Delicacies of South Africa

South Africa boasts many delights, including its culinary ones. Rich and flavoursome, South African cuisine has reached global recognition in recent years, with establishments like The Tasting Room in Franschoek being voted as one of the best restaurants in the world. One of the defining features of South African cuisine is its honesty. Simple dishes are cooked to perfection, forsaking any unnecessary ingredients that might distract the palate. Many of South Africa’s famous dishes are cooked on an open grill, resulting in tantalising smoky aromas which are irresistible.

There are multiple South African dishes which define the country’s cuisine, and we’ve listed some of them for you…


Biltong is a form of cured meat that is similar to jerky. There are many types of biltong, ranging from beef to more unconventional meats such as ostrich. Biltong is made from raw fillets of meat, which are then seasoned (usually wish black pepper, sugar, vinegar, coriander and salt), cut into strips and left to cure for approximately 4 days.

Usually enjoyed as a snack, biltong can also be diced up and put into stews, as well as a variety of other dishes. Although similar in appearance to jerky, biltong lacks a sweet flavour.



Traditionally made with lamb or mutton, sosaties are a kind of kebab usually grilled on an outdoor barbecue. The term sosatie comes from sate (meaning ‘skewered meat’) and saus (meaning ‘spicy sauce’).

The preparation of sosaties is very simple. Cubes of lamb or mutton are marinated with a mixture of garlic, chillies, onions, curry spices and tamarind juice; this makes the meat extremely tender. The meat is then skewered, interspersed with vegetables, dried apricots and prunes, and barbecued.

Sosaties have become a popular dish overseas, with many diners appreciating the blend of the meat’s spices with the dried fruit’s sweetness.


Boerewors are a South African sausage, with the Afrikaans translation meaning ‘farmer’s sausage’.

Consisting of minced beef (sometimes other meats, or a combination of meats) and spices (salt, pepper, coriander), Boerewors are usually grilled outdoors. The sausage is high in fat, and requires a casing to ensure the meat doesn’t fall apart.

Unlike other sausages, which are shaped into relatively small links, Boerewors are formed into one long spiral, which makes for quite a sight! Boerewors are most commonly served with pap, which is a traditional South African porridge made from polenta.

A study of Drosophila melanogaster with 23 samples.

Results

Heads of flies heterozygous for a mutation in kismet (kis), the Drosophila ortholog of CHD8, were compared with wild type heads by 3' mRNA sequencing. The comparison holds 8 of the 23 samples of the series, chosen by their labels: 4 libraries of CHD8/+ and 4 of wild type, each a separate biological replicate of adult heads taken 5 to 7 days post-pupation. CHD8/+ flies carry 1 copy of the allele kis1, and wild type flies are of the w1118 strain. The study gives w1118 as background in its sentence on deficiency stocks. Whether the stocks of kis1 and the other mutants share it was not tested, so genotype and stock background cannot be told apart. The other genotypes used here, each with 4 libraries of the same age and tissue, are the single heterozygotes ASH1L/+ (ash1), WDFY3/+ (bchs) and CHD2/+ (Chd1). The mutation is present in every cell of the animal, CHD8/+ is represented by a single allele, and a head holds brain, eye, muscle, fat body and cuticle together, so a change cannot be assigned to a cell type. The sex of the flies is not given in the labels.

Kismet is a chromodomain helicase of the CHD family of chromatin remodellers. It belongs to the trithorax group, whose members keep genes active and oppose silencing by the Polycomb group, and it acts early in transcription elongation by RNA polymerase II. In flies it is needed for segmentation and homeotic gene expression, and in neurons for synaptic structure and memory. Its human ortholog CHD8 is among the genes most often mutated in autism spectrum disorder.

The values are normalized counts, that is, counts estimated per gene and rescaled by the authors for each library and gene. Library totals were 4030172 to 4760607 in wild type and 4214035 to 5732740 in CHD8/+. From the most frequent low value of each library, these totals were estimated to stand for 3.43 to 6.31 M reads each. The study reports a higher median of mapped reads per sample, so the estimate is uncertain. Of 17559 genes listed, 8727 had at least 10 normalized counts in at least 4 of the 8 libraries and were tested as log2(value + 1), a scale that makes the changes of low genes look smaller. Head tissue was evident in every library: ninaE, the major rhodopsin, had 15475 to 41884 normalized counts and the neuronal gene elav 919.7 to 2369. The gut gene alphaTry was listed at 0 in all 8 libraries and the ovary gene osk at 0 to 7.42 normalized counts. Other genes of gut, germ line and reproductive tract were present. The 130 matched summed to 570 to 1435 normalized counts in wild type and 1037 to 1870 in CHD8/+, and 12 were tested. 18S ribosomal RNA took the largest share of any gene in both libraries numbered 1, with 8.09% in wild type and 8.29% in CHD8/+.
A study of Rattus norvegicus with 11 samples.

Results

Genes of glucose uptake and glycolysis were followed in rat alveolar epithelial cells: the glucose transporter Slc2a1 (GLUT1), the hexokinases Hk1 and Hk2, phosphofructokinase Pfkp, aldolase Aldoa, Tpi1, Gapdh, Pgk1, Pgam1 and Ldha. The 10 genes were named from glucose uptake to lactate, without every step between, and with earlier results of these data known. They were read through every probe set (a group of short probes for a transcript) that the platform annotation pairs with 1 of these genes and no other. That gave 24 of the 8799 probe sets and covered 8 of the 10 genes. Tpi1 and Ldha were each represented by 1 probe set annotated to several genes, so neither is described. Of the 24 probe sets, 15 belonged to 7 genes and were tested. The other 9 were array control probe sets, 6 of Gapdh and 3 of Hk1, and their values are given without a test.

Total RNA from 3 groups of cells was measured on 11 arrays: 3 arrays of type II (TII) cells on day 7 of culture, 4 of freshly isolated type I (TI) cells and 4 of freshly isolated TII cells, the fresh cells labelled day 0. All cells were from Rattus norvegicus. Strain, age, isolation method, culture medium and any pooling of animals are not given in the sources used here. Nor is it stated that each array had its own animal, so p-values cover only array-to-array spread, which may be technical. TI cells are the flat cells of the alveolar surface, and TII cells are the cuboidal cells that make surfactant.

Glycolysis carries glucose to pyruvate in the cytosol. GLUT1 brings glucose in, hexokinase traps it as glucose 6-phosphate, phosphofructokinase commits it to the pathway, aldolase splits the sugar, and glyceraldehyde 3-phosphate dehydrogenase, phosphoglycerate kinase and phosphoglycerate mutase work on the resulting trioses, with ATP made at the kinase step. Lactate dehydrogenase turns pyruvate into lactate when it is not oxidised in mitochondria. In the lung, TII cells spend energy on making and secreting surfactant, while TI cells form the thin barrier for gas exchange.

Said to have been inspired by a similar Indonesian dish, Bobotie is a dish of minced meat with an egg-based topping.

Usually made with beef or lamb, Bobotie is sometimes made with pork as well, which lends the dish an extra element of succulence. The dish is often served with rice, and garnished with raisins or dates.

Bobotie is said to have been eaten in the 17th Century, and today retains the recipe of blending spices with sweeter ingredients such as ginger and lemon rind. This is a South African dish with a lot of history behind it, and is still enjoyed today.

Matthew Coe is Online Marketing Manager for Wanderforth.


  1. Tristan says:

    Oooh I love Boerewors – Luckily we have a great butcher in Exeter who makes a really good one – in fact you have made me think i may get some tomorrow and BBQ it

  2. Donna says:

    Nice list (my mouth is watering at the thought of bobotie) but you forgot melktert! A staple for morning teas when I worked in Joburg.

  3. gmac says:

    Love making biltong and helping folks how to find and make it themselves..!

    For South Africans living abroad it sometimes can be hard to find – luckily you can make a batch easily in about 4 days that as good as anything bought in South Africa! Just need a few basic ingredients and a simple “biltong box” – or even low temperature oven will do (but ends up a bit drier..).